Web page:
How I linger
to admire, admire, admire
the things of this world
that are kind, and maybe
also troubled ~
roses in the wind,
the sea geese on the steep waves,
a love to which there is no reply?
Mary Oliver's words above are part of a poetic narrative on inner healing, the poem "Heavy," and reminds of need for spaciousness to receive wholeness. Wholeness is not perfection, an end to a journey we must get to; wholeness is every moment, every blessing of healing is wholeness. Healing, likewise, is not always conscious, or in response to a pain one is aware of. Healing can be occurring underneath awareness of it. A moment of spontaneous joy, for no reason at all, can be part of a healing process. Seeing healing as process, not merely a fix to some pain, changes how we see and experience healing. Contemplative spirituality is as much about the silent workings of Grace healing in unseen, unknown ways, as about conscious healing.
Contemplative spirituality, furthermore, teaches healing needs space, needs time, is process. Here, I mean, first inner space, but outward is needed. Outward facilitates inward, and vice versa. For example, we oft connect well with Life outside in nature, partly due to the surrounding spaciousness. Yet, silence and apartness, such as in meditation, this nurtures a connection that extends to nature, as well. And, remember, nature is not just something out there, nature is you, is me; we are nature.
Spaciousness relaxes hustle, invites playfulness, including rumination with or without a purpose. In her chapter, "Learning to Play," in Present over Perfect, Shauna Niequist writes of her defaulting to hustle mode. In her healing process, she observes...
And so one of the little tiny things I'm learning to do is to play ~ essentially, to purposely waste time. Strategically avoid strategy, for five minutes at a time. Intentionally not be intentional about every second. Have no purpose ~ on purpose.
How do we do this, when our surrounding culture validates speed and questions a contented, mindful and non-busy contentedness? How do we do this when others do not see speed and bustle is oft a facade for unintelligent laziness, regardless of how validated by others too scared to slow down (yes, busyness is a form of laziness)? Well, for one, we can do as Mary Oliver shares ~ we can engage nature, and see what happens in that spaciousness and receptivity. We may see, surprisingly, nature is not mute; as Rumi testifies:
Never think the earth void or dead ~
It's a hare, awake with shut eyes:
It's a sauce-pan, simmering with broth ~
One clear look, you'll see it's in ferment.
Another means of working with slowing down mind and body is through getting close to the discomfort of loneliness. We are conditioned for immediate feedback, we are overstimulated. What does it feel like to stop? Pema Chodron, in When Things Fall Apart, writes of allowing ourselves, while feeling heartache from alienation and loneliness, to "relax and feel the limitless space of the human heart?" Learning to be-with that space is an act of courage, later this becomes a welcome friend.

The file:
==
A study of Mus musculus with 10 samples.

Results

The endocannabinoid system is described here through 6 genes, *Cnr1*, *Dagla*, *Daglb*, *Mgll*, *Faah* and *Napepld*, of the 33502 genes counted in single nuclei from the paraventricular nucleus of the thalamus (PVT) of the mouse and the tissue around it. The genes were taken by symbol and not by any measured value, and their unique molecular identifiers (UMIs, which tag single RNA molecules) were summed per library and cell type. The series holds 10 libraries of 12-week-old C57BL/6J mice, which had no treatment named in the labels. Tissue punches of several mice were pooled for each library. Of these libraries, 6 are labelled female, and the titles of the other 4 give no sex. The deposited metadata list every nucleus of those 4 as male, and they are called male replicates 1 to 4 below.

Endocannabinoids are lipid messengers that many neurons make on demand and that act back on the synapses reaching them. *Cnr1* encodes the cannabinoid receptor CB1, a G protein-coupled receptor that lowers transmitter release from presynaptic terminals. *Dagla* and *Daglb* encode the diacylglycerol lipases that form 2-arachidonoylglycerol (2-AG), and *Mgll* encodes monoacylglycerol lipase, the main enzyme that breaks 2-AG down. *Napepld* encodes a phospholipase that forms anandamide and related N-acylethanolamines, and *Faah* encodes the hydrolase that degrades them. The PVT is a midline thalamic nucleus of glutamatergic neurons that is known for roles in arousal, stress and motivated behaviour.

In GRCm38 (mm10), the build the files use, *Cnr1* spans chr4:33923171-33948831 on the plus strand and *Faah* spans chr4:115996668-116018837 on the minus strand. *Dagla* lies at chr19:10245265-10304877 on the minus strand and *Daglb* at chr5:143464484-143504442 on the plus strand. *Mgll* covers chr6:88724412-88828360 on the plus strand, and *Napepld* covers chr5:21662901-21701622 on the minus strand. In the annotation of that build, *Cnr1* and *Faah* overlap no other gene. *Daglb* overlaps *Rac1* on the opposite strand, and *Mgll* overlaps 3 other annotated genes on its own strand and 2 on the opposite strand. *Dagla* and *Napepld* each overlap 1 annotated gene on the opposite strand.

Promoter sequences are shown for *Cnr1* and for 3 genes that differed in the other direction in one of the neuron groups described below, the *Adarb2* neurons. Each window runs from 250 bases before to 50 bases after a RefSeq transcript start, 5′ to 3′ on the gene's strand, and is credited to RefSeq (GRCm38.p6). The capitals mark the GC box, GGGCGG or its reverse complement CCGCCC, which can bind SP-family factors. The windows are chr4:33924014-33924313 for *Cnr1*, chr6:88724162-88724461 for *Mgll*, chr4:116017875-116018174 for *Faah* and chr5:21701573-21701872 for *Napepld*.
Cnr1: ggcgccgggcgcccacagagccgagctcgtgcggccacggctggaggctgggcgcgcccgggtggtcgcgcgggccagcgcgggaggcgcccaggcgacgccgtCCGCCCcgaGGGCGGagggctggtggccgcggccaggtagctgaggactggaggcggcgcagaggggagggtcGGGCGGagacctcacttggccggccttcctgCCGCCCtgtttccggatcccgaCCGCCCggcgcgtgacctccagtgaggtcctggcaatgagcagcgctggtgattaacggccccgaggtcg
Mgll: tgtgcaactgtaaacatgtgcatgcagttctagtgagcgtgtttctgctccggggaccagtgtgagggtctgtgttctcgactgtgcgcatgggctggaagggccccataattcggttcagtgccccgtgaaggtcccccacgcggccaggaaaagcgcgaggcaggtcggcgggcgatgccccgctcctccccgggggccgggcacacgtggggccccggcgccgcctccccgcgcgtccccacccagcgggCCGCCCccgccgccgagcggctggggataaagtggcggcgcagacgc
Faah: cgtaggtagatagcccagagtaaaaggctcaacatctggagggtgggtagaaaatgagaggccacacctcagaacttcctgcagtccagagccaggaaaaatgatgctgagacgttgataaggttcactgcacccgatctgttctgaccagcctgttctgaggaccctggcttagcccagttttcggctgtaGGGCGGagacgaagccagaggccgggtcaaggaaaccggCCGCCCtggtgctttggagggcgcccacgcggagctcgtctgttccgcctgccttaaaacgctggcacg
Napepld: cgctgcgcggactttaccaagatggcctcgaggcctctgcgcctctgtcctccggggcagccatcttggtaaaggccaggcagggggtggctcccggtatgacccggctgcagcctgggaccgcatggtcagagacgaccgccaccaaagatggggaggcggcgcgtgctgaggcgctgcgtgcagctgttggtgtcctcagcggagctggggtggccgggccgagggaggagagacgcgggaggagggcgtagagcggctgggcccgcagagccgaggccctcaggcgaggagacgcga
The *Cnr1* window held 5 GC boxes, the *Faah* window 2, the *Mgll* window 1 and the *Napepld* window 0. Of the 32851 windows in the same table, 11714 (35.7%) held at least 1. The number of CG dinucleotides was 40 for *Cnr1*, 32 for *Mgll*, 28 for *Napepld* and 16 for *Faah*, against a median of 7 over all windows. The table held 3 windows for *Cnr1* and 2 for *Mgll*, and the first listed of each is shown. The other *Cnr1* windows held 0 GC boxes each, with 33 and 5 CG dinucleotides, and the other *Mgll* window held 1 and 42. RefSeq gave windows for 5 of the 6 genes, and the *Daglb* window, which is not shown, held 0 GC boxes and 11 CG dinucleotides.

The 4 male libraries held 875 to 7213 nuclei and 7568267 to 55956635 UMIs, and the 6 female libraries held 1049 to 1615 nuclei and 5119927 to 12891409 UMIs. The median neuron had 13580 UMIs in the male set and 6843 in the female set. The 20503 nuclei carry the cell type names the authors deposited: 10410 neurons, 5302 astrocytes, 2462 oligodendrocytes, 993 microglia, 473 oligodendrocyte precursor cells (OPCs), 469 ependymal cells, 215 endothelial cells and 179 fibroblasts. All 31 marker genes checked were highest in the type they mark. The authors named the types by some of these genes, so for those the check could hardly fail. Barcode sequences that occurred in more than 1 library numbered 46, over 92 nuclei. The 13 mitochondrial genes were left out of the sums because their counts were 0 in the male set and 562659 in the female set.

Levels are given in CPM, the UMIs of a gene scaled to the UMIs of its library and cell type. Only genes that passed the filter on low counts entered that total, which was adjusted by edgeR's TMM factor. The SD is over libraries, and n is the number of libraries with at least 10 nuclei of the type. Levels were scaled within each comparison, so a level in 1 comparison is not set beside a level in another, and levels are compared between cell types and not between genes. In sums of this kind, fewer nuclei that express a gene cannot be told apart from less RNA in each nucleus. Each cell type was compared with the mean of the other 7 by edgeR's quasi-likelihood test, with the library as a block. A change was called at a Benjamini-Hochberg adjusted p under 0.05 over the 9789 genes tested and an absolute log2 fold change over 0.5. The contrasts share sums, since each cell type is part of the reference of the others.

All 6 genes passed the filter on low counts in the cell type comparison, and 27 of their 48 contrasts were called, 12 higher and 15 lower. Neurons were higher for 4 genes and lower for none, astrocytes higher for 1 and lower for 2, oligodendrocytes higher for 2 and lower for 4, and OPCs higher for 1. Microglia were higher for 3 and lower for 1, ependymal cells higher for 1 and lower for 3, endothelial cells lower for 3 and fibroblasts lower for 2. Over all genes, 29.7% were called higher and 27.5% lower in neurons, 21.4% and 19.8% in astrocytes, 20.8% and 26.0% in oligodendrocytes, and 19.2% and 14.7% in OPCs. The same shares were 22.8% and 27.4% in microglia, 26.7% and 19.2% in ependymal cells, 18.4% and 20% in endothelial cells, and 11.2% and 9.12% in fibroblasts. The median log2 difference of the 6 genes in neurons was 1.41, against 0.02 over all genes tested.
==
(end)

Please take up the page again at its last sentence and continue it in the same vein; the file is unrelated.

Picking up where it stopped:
Why welcome friend? Loneliness is no more translated as something wrong. Loneliness is fecund ground, alive, even though you sense you have no ground under your feet. This rite of compassion to yourself, in itself, is healing. And it takes more courage than persons oft assume to stop, to be still, to be-with this moment, not rushing to the next moment. Being in the moment is really not this moment, but the only moment we have given to us.
But more, a wonderful more ~ or as witnessed by Mary Oliver, in this allowing spaciousness, this openness to Life, whether alone and secluded or communion with nature or others, we are blessed with and by a love to which there is no reply. We can become addicted to response, get uneasy when others do not give us the feedback we expect, we wanted and timely. Technology contributes to this, allowing speed of recognition and response. We post, who responds? how soon? We text. She replies. Not, then why? This technology allows a posing of heartful connection; likewise, fosters the speed that closes the space present to allow a deeper Connection with Life, a being-with love that in Itself expects and needs no reply to validate Itself, to be received and enjoyed.
In communion, quietly, from the Silence within, we can receive healing, befriend ourselves, and wed ourselves with the fecundity of contented spaciousness. We can connect with the love, when apart from or among others, with the love needing no reply, so welcoming freely reply. Love is invited to reply to Love.
This intentional rite of spaciousness nurtures Silence. This Silence is Presence. By cultivating, we find we are healing and healers, we find this Silence becomes like an aroma we carry with us; we become conduits of the healing quietness, even amid the noise and movement rightly part of life with others.
* * * CLOSING BLESSING * * *
Grace and Peace to All
The Sacred in Me bows to the Sacred in You
*Move your cursor over photos for photographer and title.
*Quote of Rumi, Translator A. J. Arberry.
*Lotus of the Heart is a Work of Brian K. Wilcox. Brian is an interspiriutal Contemplative Chaplain, Writer, and Poet, living in Florida, USA.